HRMS Learning & Development: A Guide to Gamification Greatness

Gartner have predicted that by 2014, more than 70% of global organizations will have at least one –gamified- application. Add to this, the long tradition of using games in training courses and corporate learning programs and it seems likely that learning & development is one part of HRMS that will show less resistance to this new possibility. Indeed, a recent report titled The Future Of Gamification, included the results of interviewing over a thousand internet experts and indicated that the principles of gamification could actually improve creativity, learning, participation and motivation; all gold dust for your HRMS learning and development strategy.

The whole point of gamification, and especially the gamification of HRMS learning and development, is to give the user a sense of achievement and progress while accomplishing the goals required by the business. Along the way, the public acknowledgement element (leader boards, high scores, badges, achievements/accomplishments) introduces the element of personal branding and reputation within the context of the required learning.

Questions of Design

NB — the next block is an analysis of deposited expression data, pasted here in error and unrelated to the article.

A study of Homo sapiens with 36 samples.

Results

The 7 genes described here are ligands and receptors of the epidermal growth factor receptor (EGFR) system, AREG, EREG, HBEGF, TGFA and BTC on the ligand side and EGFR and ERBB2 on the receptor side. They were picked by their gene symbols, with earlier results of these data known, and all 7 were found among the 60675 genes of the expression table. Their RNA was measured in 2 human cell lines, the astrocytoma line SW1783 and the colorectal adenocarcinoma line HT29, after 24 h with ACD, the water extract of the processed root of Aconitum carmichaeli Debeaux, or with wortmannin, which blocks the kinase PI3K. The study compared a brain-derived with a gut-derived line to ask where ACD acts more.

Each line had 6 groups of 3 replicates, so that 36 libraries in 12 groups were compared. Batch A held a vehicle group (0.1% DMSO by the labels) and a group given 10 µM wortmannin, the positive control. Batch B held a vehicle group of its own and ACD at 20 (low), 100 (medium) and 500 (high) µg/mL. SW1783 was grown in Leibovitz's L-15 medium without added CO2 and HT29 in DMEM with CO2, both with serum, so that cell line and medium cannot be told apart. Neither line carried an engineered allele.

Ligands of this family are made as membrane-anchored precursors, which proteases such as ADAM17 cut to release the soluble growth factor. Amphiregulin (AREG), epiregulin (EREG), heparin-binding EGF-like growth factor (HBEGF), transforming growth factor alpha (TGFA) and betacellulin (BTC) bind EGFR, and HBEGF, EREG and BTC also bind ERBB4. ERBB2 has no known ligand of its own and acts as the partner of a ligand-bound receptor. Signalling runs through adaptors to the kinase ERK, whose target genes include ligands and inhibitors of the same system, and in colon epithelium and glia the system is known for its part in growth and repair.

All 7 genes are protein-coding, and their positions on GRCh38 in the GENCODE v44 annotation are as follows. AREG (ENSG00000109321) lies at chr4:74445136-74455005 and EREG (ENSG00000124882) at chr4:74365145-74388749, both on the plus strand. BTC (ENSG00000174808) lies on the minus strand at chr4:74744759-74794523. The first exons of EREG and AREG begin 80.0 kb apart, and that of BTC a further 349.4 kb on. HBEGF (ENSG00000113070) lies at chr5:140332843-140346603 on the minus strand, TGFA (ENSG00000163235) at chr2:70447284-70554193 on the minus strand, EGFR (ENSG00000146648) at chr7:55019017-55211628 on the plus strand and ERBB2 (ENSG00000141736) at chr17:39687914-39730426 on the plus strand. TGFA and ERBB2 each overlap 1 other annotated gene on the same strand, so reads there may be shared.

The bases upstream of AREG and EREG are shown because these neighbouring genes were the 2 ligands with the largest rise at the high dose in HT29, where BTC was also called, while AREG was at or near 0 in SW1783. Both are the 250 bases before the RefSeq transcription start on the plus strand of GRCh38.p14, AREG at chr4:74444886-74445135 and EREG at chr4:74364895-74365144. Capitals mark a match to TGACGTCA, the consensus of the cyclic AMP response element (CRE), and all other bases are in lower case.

The biggest plus in terms of learning is perhaps the opportunity to use simulation-type games to allow learning in real-world scenarios without real-world consequences. As an example, the U.S. Government Department of Defense widely utilizes simulations in its Defense Acquisition University. One game in particular focuses on how to spot fraud, a skill that increases with (and in fact, depends upon) practice and experience. The DoD’s virtual environment allows skill development including errors (often the best way to learn) without those errors impacting on real cases.

A successful use of gamification in HRMS learning and development goes beyond a colorful interface, it takes the learners themselves into account.

Other examples of learning-related gamification programs out there include: Microsoft training its users in new interfaces, Quest to Learn, a New York public middle and high school uses the principles of game design throughout its curriculum; and the longstanding successful Arcaris platform from Chile that gamifies the whole call center management process and has been turning a traditionally dull and unrewarding job into something more interesting for a couple of years now.

Of course, corporate learners aren’t unsophisticated; they can see past the surface fripperies of badges or points. A successful use of gamification in HRMS learning and development goes beyond a colorful interface, it takes the learners themselves into account. What behavior do they need to demonstrate? How can that behavior be encouraged and rewarded in a way that is meaningful? How can goals be made engaging and how quickly can progress be acknowledged and feedback given? All questions of design that any gamified business learning application must be able to answer.


About the author…

Dave has worked as HR Manager for the Ministry of Justice for a number of years, he now writes on a broad range of topics including jazz music, and, of course, the HRMS software market.